As the parents of Jonathan Carey and advocates for the disabled, we would like to give you an update of the successes we have had in advocating for changes for the disabled to date:
- Jonathan’s Law allows parents and legal guardians access to incident reports and investigative records of allegations of abuse. (These were previously “sealed” and withheld by the State for decades.) Under the law, incidents affecting the health or safety of a disabled person receiving services must be reported to parents or legal guardians (qualified persons) within 24 hours. The Director of the facility must meet with the qualified person(s) within 3 days to discuss the incident, and also supply them with a written report of actions taken by the facility to address the incident, as well as provide the incident report (names redacted only) within 10 days. Upon written request, all investigative records must be released to the qualified person(s) within 21 days, with only names or identifying information redacted.
- Jonathan’s Law created new Mental Hygiene Law sections 33.23 and 33.25, and applies to all facilities operated or certified by the Office of Mental Retardation and Developmental Disabilities (OMRDD), the Office of Mental Health (OMH), and the Office of Alcohol and Substance Abuse Services (OASAS).
- An Amendment to Jonathan’s Law allows qualified Person(s) access to incident reports and investigative records retroactive back to January of 2003, with a written request. The amendment for retroactive records is only valid until December of 2010. (Jonathan’s Law is Permanent)
- The withholding of food/meals from the disabled for behavior management has now been banned by law as of 2008. (I’m sure most people thought this cruel and inhumane practice was already against the law.)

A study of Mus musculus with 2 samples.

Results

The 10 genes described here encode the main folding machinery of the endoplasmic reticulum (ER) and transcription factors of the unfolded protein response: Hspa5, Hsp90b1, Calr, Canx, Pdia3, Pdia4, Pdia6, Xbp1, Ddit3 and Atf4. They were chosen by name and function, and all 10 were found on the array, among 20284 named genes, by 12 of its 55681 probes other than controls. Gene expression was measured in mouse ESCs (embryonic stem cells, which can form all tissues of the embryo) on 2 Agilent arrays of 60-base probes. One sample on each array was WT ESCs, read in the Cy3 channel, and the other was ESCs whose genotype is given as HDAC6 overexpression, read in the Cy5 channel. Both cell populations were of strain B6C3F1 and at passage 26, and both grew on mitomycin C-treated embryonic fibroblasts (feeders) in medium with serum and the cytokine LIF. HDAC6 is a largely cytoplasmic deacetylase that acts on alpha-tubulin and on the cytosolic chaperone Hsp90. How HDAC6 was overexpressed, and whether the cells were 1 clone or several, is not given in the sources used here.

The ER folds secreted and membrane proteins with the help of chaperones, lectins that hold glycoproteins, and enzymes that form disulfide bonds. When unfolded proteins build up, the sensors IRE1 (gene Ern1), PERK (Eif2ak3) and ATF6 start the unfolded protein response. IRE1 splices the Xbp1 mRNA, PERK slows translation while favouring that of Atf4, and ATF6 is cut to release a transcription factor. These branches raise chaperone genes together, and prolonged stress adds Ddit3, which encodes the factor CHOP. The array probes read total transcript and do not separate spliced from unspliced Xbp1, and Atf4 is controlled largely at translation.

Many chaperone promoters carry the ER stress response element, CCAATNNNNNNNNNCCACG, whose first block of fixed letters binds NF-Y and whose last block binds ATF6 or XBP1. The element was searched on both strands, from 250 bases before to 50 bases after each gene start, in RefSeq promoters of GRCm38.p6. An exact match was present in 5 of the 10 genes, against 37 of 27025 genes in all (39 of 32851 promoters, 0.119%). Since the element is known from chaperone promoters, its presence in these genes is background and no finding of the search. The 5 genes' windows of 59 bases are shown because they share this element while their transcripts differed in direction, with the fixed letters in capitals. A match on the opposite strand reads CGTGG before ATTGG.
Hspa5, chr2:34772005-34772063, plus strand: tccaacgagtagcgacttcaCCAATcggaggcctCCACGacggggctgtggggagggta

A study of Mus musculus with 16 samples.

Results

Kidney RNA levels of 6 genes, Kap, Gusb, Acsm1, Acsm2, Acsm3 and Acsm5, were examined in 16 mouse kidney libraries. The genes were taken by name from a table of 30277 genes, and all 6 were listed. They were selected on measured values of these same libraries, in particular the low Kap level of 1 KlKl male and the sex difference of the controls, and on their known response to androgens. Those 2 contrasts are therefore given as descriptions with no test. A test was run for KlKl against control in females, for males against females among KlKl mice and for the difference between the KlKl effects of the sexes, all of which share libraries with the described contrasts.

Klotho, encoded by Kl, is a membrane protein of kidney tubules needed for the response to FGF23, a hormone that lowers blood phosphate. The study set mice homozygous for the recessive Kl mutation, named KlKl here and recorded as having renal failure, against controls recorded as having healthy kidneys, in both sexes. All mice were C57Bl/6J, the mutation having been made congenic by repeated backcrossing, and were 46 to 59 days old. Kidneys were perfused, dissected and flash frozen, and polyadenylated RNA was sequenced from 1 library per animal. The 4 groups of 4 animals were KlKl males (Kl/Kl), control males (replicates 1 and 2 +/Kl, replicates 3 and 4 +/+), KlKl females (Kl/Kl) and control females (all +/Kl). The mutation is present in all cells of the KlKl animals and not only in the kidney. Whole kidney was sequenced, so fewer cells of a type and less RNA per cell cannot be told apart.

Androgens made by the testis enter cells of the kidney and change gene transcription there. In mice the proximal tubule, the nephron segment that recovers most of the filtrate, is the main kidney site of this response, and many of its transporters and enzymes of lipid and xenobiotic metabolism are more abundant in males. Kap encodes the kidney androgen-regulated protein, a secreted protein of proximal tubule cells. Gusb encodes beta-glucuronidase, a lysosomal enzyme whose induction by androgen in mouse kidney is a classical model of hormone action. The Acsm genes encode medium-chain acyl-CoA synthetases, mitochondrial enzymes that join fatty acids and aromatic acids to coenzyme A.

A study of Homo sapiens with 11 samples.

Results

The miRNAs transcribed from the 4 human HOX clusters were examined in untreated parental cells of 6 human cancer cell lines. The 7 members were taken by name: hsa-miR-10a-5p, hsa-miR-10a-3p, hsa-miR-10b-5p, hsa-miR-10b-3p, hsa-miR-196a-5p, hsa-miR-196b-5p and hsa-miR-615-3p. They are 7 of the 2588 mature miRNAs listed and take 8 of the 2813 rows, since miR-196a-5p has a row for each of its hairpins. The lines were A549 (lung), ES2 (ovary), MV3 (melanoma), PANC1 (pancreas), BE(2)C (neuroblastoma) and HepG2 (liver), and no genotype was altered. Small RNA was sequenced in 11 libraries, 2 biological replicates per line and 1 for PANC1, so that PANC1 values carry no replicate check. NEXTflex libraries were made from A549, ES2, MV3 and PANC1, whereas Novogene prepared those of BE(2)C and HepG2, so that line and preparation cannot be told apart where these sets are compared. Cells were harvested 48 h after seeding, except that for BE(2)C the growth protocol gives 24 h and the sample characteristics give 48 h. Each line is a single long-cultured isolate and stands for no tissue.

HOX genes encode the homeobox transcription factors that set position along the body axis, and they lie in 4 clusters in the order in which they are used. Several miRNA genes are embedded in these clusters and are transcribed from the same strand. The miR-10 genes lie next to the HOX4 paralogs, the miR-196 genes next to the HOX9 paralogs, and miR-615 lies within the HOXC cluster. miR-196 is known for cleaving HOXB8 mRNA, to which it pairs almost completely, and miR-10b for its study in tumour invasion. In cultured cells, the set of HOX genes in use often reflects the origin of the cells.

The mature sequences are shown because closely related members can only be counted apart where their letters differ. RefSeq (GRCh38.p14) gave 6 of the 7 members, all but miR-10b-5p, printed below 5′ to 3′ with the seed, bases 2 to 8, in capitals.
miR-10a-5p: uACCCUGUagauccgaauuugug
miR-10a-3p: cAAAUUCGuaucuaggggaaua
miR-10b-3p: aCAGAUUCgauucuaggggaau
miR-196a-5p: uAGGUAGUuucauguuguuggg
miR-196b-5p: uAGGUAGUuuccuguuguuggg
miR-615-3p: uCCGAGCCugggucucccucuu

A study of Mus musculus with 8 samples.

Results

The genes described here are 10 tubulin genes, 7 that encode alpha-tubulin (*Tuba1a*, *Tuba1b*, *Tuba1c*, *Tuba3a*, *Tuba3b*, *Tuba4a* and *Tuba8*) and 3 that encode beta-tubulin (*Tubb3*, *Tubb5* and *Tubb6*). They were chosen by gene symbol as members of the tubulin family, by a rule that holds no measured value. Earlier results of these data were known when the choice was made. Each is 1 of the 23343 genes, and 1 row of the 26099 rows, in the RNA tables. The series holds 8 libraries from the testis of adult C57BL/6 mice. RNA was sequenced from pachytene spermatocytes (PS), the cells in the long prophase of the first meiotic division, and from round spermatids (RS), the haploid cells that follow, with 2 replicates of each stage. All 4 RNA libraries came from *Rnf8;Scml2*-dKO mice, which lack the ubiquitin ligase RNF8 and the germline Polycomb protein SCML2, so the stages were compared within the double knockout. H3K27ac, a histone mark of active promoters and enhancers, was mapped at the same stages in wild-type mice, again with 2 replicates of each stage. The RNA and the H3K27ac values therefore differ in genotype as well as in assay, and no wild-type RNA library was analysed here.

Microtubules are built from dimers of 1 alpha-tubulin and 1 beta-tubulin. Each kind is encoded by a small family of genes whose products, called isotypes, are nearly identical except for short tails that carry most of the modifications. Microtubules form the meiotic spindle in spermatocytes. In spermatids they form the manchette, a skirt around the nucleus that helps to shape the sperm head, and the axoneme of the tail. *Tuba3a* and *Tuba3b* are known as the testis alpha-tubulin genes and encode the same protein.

- The Abuse Standard for all children in residential care has now been changed. The standard, which is found in Social Services Law 412, previously required a child to be at serious risk of death or have protracted damage or disfigurement, or be sexually abused, to even be considered abused. By using this standard, the State has been able to “Unfound” countless cases of abuse of the disabled and children in care facilities statewide. The new definition adds several types of abuse including when a child is kicked, punched, burned, choked, smothered, shoved, and several others, regardless of the level of injuries sustained by the child. ***The new definition will not only protect the developmentally disabled, but all children within the Social Services System, including children in foster care statewide! This is a great victory for children and the disabled!
- A bill was passed this session which requires the State to study the issue of overtime of direct care workers this year, to make recommendations for regulations. (There are currently no statewide regulations of overtime of direct care workers. The man who killed Jonathan worked 197.5 hours in just the 2 weeks before he killed Jonathan.)
- ***This coming year we plan to advocate for surveillance cameras in all facilities and transport vehicles of the disabled, regulations on overtime, required drug testing, better background checks, stiffer penalties for abusers, and for cases of physical or sexual abuse of the disabled to be reported to the police.